Posted by plosbiology on 07 May 2009 at 22:23 GMT
Author: Michael Sears
Position: Assistant Professor
Institution: Southern Illinois University
Additional Authors: Jay Diffendorfer, Karen Lips, and Joe Mendelson III
Submitted Date: April 11, 2008
Published Date: April 14, 2008
This comment was originally posted as a “Reader Response” on the publication date indicated above. All Reader Responses are now available as comments.
Parmesan and Singer (PS) criticized our results that support an epidemic spread of Bd along three lines: modeling of error in LYO, the use of DOD, and the arbitrary selection of waves. We address each of these issues.
We disagree that our explorations of error in LYO were ‘statistically inappropriate’ because ‘increasing data noise will eventually cause loss of any statistical relationship…” This statement contradicts a large body of literature devoted to assessing analytical and statistical models based on data with inherent uncertainty(2, 3, 4), where Monte Carlo methods are used to explore the effects of error (1,2,5,6). In fact, in fields such as fisheries where inferences from models have both economical and biological impacts, examining the influence of error on prediction is common(6,7). Studies regarding amphibian declines should be held to a comparable standard.
Because no a priori model or sampling design was implemented before amphibian declines were noticed, LYO data include both measurement and process error. When dependent variables contain both types of error, and particularly if either creates bias, then error should be considered while analyzing and interpreting results(5). PS are correct that increasing error decreases the ability to detect signal, but fail to recognize the problems with inference when error is biased. For instance, LYO might underestimate extinctions or overestimate declines. After examining the Atelopus database, there was ample reason to assume LYO (and DOD) contained large amounts of error and that LYO was biased; nearly half of the available data for 54 species showed discrepancies with DOD for an average of 11.2 years. This examination casts doubt on conclusions from Pounds et al., which used data with a 1-year time lag to predict data with, conservatively, a resolution of 5 years. Thus, we felt obligated to simulate the effects of error and bias inherent to both LYO and DOD. Results suggested that models of epidemic spread were less sensitive to error than were models of temperature dependent outbreaks.
PS argue that DOD is inappropriate for analysis, citing two papers. However, the first, "Bd occurs in populations that are not declining," refers to an endemic, post-invasion, situation with no bearing on disease spread as we discussed. The second, "amphibians have disappeared in the absence of Bd [citation 4]," is flawed because that study did not demonstrate absence of Bd. In fact, the absence of Bd prior to that event was demonstrated in our paper, something PS failed to recognize. Finally, we cannot understand how PS feel DOD is an inappropriate surrogate for Bd presence yet support research using LYO. Given the 1 year time lag used in Pounds et al, LYO (though never stated) must have some biological meaning related to Bd becoming pathogenic and killing frogs. We expressly developed DOD to correct the temporal bias obvious in LYO. We admit DOD is not a high quality surrogate for the presence of Bd, but LYO likely contains even more error as an estimate of species disappearance. Thus, if PS think using DOD makes our results invalid, they should have less confidence in LYO, and also dismiss the conclusions of Pounds et al.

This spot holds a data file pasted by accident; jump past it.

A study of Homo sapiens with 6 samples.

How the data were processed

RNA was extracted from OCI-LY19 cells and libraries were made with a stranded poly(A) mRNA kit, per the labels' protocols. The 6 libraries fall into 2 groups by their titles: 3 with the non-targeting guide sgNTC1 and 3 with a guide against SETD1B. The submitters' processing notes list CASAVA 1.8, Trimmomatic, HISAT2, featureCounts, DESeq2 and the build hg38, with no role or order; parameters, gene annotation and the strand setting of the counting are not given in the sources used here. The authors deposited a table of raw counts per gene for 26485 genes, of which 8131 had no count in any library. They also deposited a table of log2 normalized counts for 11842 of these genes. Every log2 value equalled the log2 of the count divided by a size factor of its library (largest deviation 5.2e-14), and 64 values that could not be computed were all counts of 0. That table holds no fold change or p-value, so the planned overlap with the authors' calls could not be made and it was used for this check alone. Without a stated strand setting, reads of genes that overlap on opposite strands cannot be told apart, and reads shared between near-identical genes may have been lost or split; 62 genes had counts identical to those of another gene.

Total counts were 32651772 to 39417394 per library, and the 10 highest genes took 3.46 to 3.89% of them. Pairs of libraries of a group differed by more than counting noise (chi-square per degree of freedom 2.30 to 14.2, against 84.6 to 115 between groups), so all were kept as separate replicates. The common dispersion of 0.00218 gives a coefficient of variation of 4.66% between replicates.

PS are mistaken in thinking we made arbitrary selection of starting locations – we used the two oldest records of Bd in the Andean region. Given the known temperature and moisture requirements of the fungus, we then assumed that it was most likely to spread along upland areas with appropriate climate conditions. Epidemiologists have used similar approaches to track a wide range of diseases. A better approach would have been to compare sets of candidate models that included varying numbers and locations of waves in an information theoretic approach(8), using model ranking procedures to select the best model. We know of one team currently working on this approach and look forward to their results.
In addition to these points, PS end with a poor attempt at comparing our work to Pounds et al. They mention the ‘moderately consistent’ relationship that Pounds reported between spatial patterns and climate change but failed to note that we resoundingly showed this analyses was flawed and is in disagreement with La Marca et al. (and our own work), mainly because Pounds et al. did not include the last six years of data in the Atelopus database. Furthermore, it is illogical for PS to assert that the reported relationships between LYO and climate change are ‘strongly consistent with climate change’ after arguing DOD are flawed.
1. Hilborn, R., Mangel, M., 1997. The ecological detective: confronting models with data. Princeton University Press, Princeton, NJ.
2. Jager, H. I. and King, A. W. 2004. Ecosystems 7: 841-847.
3. Lek, S. 2007. Ecological Modelling 207: 1-2.
4. Barry, s. and Elith, J. 2006. Journal of Applied Ecology 43:413-423.
5. Chen, Y. and Paloheimo, J. E. 1998. Fisheries Research 38:9-17.
6. Haddon, M. Modelling and quantitative methods in fisheries. Chapman and Hall/CRC Boca Raton Florida. 406pp.
7. Fisheries Stock Assessment Models. Edited by Funk, F. T. J., Quinn II, J. Heifetz, J.N. Ianelli, J.E., Powers, J.F. Powers, J.F. Schweigert, P.J. Sullivan, C.-I, Zhang, Alaska Sea Grant College Program Report No AK-SG-98-01, University of Alaska, Fairbanks, 1998.
8. Burnham, K.P., Anderson, D.R., 2002. Model selection and multimodel inference: A practical information-theoretic approach. Springer-Verlag, New York.